In theory, buying stock on margin sounds like a great way to get rich quick. Buying on margin allows investors to “borrow” stock, with their brokerage effectively lending them the money to invest more heavily. However, like any type of credit, buying on margin can be a dangerous practice.

 

Buying Stock on Margin

 

buying on margin definition

 

 

As illustrated in the image above, think of buying stock on margin as a transaction on your credit card. You don’t have the money, but your credit card company is willing to pay for the purchase initially, and you will pay the bill later. Buying stock on margin allows investors to buy more stock than they actually have the money to pay for. Sure, you can hope that your stock will increase so much in value that it will cover the investment, but the stock market is anything but a sure bet. Buying stock on margin, or basically investing with your broker’s money allows you to gain more leverage, however any gains or losses have a greater impact on your portfolio than they otherwise would.

 

In order to open a margin account, the investor must deposit the margin amount into their account. This is the amount that the brokerage will use to determine how much credit they can advance to the investor. Margin purchases are secured by collateral such as cash or other securities. To use an extremely small amount as an example, if an investor deposited $100 into their account, buying stock on margin that is valued at $100 per unit, their brokerage might purchase 9 additional units on their behalf, for $900. The total investment becomes $1000. In this case, the investor used $900 in other shares from their portfolio as collateral for the additional units. If the investor’s stock drops in value, they must deposit more money to cover what has become a debt to their brokerage or lose the stocks they had put up as collateral.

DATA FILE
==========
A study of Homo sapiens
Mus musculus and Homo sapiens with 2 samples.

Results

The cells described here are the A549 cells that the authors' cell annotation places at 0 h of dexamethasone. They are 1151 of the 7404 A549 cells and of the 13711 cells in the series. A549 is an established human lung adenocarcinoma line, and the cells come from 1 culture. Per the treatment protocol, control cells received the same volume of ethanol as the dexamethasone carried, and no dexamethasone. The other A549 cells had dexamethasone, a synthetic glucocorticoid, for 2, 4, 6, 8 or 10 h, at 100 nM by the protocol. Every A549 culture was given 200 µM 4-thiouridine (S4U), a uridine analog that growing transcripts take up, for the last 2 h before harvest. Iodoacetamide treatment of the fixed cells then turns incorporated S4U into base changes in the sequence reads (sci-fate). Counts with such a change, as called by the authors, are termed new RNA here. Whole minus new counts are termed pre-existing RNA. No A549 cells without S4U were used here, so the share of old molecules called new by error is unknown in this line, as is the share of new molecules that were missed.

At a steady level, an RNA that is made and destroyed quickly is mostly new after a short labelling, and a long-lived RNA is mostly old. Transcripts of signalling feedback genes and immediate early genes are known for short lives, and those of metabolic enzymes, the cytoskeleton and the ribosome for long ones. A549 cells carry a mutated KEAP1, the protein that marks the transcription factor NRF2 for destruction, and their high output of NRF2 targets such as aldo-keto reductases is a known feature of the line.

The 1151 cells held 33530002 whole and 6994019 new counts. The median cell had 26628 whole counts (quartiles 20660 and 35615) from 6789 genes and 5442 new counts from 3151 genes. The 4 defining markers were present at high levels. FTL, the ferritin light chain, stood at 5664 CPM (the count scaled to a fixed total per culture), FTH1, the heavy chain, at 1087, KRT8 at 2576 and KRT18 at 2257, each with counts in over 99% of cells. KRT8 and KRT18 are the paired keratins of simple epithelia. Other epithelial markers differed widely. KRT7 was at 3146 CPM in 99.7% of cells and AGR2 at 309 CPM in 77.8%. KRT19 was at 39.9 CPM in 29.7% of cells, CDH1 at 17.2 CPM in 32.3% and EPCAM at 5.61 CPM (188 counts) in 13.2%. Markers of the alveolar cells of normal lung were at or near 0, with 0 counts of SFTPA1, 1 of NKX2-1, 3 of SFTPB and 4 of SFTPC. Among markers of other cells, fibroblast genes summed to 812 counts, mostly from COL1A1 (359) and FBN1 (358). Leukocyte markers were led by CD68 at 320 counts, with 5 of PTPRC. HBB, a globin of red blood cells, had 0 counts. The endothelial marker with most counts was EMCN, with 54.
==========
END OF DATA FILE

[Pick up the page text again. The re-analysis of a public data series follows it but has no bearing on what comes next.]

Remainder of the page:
If the stock in this case rose to $200 a share, the investor’s shares would now be worth $2000, allowing them to pay back the brokerage and still make a profit. However, the risk involved in this type of investment is simply too much for some investors to stomach. Looking at the situation conversely, if the company folded and the stocks lost all of their value, the investor would not only be out their initial $100, but owe the brokerage $900 as well. This makes buying stock on margin potentially very profitable, or very costly.

 

If an investor is unable to pay the debt in cash, the securities that they used as collateral may be sold off for less than they are actually worth as the brokerage attempts in any way possible to recoup their losses. Considering that the borrowed amount is also subject to interest, buying stock on margin is not the best investment tactic.

 

Some investors blindly walk into this type of arrangement without understanding how it works; anyone considering buying stock on margin must know the interest they will pay on the borrowed amount, the penalties they may incur if they default on the loan and the manner in which their collateral will be processed if their account is not in good standing. That’s why I call these accounts margarine accounts, because the brokerage house sure does get fat off of them.